23 July 2004: US Congress declares Darfur atrocities ‘genocide’

On 23 July 2004 the US Congress unanimously declared ongoing atrocities in Darfur to be genocide.

Destruction of a Darfuri village © Brian Steidle

By issuing a joint House-Senate resolution that accused the Sudanese leadership of such crimes, the United States delivered a message to the world that the Genocide in Darfur must be stopped.

Darfur, a Westerly region of Sudan around the size of France, was racked by violence and civil war throughout the 1980s and 1990s. In 2003, Black African groups launched a violent rebellion against perceived Arab domination in Sudan by attacking military bases. Under the pretence of quelling this uprising, the government of Omar al-Bashir began a brutal war of retribution against the Black African Darfuri population. As well as using military aircraft to destroy the towns and villages of Darfur, the government unleashed the Janjaweed upon the civilian population. As recounted by survivors such as Halima Bashir and Daoud Hari, these Arab militias have ravaged the people of Darfur through a systematic campaign of rape, torture and murder.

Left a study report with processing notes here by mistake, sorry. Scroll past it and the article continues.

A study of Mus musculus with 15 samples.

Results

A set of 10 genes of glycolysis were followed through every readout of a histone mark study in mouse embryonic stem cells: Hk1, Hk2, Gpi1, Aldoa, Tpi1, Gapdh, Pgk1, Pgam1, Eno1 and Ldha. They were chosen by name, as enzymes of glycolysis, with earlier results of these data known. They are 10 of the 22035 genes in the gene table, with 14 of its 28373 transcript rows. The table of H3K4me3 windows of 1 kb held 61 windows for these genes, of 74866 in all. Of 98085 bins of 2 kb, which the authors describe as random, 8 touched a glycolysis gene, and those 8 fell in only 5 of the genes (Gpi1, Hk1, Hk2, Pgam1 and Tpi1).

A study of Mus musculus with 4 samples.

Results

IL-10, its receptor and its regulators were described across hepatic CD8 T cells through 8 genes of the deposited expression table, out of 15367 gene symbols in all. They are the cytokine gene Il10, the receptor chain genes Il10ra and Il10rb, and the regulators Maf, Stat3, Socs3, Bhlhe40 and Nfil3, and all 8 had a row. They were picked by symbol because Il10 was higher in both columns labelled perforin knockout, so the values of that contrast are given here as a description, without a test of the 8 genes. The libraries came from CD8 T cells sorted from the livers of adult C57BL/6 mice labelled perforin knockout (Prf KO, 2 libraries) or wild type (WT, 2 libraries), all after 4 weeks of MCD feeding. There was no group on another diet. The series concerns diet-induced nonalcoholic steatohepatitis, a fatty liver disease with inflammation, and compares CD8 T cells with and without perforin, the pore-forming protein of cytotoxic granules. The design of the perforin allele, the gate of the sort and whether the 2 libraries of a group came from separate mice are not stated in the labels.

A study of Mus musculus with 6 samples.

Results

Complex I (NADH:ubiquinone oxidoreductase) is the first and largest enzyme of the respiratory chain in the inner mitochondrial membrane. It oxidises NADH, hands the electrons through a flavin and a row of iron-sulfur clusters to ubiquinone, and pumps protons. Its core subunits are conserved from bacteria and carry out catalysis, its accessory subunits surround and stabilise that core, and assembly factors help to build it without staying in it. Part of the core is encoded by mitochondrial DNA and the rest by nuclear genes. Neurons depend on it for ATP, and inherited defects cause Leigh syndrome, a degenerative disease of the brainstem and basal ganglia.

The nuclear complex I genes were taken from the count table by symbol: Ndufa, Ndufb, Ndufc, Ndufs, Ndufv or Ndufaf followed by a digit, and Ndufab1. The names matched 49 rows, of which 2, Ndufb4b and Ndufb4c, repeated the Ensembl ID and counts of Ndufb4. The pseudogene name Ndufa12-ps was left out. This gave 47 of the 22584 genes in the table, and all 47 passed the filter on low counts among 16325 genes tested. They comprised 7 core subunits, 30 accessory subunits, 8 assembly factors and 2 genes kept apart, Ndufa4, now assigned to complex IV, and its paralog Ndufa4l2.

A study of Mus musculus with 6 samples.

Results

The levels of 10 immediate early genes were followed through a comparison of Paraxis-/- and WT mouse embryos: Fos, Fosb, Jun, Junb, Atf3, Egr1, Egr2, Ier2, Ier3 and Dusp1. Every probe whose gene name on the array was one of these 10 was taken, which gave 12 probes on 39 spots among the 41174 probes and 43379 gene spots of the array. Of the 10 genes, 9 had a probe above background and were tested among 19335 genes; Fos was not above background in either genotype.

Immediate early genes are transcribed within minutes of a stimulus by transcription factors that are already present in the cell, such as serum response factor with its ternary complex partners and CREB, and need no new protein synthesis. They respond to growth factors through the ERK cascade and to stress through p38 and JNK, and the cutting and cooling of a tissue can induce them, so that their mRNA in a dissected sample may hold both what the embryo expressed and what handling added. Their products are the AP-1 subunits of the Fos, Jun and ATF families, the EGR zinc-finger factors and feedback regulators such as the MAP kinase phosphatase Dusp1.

In the summer of 2004, the US Secretary of State Colin Powell visited Darfur as part of a United States investigation into the atrocities. When a verdict of genocide was returned by the State Department to reinforce the Congress resolution of 23 July 2004, it seemed that America and other nations were prepared to take the necessary steps to stop the atrocities in Darfur. Yet the International Community have been unable to end the violence in Darfur and nearly 3 million Black African Darfuris remain affected by the genocide today.

On 9 July 2011 the South Sudanese people gained independence from the north but ethnic fighting across Darfur and South Sudan remain widespread. 

Explore our other dates to remember

Genocide in Darfur

Genocide in Darfur

Darfur is a region in the west of Sudan, bordering Chad, in north-east Africa. Before the conflict Darfur had an ethnically mixed population of around six million black Africans and Arabs.

International Community/UNAMID

International Community/UNAMID

In September 2004, the U.S. Secretary of State Colin Powell applied the label of ‘genocide’ to Darfur – the first time the US Congress has done this during an ongoing conflict. However, despite this and the ICC indictments, international intervention in the conflict has been limited.

Karim

Karim

Karim's village was destroyed by the Janjaweed - Arab tribes armed by the government. Some of his family were murdered but others, including Karim, were able to flee to Chad.